Pozole is popular in many Latin American countries. It is made from corn that is treated with lime (the mineral), and then cooked with spices and often meat to make a hearty soup or stew. The lime treatment enhances the nutritional value of the corn and changes its flavor.
In the markets and several other street locations in Morelia, the capital of the state of Michoacán, you can find some of the best pozole in Mexico. That is not to say that there are not other great versions, but this one typifies for me what pozole is all about.
- 16-24 ounces fresh or frozen pozole*
- Salt, to taste
- 2 ½ pounds pork stew meat or pork shoulder meat, cut into 1-inch cubes
- 2 tablespoons pork lard or vegetable oil
- 1 medium-sized white onion, diced
- 3 cloves garlic, chopped coarsely
- Generous pinch of cumin
- 1-2 tablespoons Mexican oregano, toasted, plus more for garnish
- 2 bay leaves, toasted
- Pinch of ground clove or allspice
- 1 ancho chile, toasted, stemmed, seeded, and chopped coarsely
- 1 guajillo chile, toasted, stemmed, seeded, and chopped coarsely
- 1 chipotle chile en adobe, puréed (optional)
- Water or pork broth
- Shredded cabbage, chopped onions, radishes, fresh limes, cilantro, or toasted ground chili powder, for garnish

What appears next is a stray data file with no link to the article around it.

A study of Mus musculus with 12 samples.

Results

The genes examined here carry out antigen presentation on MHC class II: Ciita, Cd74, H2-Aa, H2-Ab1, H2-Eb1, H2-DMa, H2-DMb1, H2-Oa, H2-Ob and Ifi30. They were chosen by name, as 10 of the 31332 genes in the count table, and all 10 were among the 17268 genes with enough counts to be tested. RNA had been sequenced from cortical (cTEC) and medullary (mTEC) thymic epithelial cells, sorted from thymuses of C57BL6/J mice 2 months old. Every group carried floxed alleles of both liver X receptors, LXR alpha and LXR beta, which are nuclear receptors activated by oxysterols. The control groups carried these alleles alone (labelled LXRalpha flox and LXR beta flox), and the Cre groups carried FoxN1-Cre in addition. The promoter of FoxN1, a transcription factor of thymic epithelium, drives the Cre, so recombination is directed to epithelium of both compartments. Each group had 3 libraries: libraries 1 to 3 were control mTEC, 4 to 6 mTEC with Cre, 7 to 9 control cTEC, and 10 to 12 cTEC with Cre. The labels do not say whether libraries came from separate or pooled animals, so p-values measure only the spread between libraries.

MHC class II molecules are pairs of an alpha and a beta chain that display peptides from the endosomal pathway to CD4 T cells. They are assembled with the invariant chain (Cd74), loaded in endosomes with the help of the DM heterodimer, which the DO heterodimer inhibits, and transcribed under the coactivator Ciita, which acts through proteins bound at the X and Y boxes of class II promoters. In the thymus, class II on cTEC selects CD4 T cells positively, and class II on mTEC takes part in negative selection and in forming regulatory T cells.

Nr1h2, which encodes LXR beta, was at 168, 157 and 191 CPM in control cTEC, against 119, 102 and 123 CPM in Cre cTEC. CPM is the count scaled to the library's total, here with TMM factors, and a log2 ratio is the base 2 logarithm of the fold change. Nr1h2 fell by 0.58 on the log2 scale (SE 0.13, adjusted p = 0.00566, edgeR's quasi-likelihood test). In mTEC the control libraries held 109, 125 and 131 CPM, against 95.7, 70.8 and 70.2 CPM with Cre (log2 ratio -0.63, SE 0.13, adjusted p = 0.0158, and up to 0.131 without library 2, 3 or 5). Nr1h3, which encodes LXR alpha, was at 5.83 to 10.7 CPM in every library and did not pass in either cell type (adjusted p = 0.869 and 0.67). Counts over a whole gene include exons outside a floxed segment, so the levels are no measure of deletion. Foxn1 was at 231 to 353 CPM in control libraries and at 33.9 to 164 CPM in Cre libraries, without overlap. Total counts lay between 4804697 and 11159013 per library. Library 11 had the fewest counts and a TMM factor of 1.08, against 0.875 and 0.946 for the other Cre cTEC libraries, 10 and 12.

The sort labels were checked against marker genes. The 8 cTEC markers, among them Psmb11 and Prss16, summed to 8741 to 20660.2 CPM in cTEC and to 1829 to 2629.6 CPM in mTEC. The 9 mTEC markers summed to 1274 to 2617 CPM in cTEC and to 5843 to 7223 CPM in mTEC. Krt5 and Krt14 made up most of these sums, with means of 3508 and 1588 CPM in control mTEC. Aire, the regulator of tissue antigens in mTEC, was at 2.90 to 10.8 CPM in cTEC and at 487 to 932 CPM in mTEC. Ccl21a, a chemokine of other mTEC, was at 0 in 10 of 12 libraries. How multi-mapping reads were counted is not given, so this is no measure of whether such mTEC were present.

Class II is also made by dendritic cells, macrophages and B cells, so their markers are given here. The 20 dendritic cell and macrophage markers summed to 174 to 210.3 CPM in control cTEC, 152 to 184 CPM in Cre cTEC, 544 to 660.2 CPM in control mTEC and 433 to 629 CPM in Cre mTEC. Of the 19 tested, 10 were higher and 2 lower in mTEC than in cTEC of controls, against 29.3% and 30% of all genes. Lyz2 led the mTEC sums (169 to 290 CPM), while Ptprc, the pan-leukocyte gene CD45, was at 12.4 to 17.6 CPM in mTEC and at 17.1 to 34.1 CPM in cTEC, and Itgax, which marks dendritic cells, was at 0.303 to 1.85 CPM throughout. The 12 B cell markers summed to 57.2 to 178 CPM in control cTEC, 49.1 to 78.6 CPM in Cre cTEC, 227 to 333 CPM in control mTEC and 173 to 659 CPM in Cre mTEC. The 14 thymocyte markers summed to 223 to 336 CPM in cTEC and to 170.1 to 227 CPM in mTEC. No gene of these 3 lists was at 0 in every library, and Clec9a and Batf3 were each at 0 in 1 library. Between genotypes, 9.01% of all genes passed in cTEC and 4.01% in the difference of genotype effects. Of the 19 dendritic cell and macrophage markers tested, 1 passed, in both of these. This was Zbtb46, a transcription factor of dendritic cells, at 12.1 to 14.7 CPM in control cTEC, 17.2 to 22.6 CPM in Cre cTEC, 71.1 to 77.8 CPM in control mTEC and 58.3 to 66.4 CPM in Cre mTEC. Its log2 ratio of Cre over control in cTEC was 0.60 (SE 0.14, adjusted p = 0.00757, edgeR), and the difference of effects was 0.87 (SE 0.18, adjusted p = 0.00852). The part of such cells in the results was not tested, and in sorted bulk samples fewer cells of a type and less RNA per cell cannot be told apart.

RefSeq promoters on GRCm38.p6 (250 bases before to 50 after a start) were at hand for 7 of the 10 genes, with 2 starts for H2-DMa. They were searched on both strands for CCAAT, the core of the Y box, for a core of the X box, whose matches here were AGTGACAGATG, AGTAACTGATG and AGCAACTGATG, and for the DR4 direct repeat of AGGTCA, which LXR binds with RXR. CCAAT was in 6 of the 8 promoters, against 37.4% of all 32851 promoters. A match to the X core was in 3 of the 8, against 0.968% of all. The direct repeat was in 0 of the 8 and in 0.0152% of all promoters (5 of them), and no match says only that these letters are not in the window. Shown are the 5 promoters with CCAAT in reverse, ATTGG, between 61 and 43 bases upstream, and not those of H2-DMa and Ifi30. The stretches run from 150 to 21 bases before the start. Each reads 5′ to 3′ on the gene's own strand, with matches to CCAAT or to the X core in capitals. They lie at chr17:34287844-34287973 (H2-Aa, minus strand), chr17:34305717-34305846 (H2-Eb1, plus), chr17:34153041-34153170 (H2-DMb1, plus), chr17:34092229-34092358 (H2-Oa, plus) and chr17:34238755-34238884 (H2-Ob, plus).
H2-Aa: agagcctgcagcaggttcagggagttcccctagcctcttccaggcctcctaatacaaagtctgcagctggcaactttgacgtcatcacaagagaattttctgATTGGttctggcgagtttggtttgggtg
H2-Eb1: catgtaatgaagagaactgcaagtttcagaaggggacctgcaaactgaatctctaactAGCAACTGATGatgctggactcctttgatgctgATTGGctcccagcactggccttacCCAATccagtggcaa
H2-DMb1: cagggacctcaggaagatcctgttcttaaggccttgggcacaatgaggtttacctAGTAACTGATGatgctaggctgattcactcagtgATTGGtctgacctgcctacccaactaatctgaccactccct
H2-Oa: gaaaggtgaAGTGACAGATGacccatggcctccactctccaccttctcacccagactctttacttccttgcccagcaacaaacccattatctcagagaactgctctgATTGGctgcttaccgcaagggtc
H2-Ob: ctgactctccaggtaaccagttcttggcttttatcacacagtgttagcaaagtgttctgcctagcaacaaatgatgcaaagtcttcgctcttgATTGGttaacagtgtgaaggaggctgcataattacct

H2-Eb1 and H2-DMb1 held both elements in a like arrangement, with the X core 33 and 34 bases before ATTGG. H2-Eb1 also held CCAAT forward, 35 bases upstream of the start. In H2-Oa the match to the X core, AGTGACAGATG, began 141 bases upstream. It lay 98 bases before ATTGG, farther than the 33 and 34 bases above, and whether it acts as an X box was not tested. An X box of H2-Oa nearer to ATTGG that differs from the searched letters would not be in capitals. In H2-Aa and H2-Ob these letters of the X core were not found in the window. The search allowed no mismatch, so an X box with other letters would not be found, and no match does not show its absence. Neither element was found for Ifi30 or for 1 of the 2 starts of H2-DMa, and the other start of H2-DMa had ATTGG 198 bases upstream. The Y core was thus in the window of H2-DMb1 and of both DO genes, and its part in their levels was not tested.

- Cotija or other sharp, crumbly cheese, for garnish
In a pot, gently boil the pozole in enough water to cover for 25-40 minutes. The kernels will just begin to open up or “blossom.”
In a separate skillet, salt and brown the pork well in the lard or vegetable oil. Remove from the pan and, in the same pan, lightly brown the onion and garlic. Return the pork to the pan and add the spices, the chopped chiles, and chile purée, if using.
Stir well and fry for about 3 minutes, then add water or broth to 1-inch above the meat. Bring to a boil, cover, and reduce heat. Simmer for 25-35 minutes until the meat begins to get tender.
Combine with the pozole and simmer for 25-40 more minutes until the meat is very tender. Garnish and serve.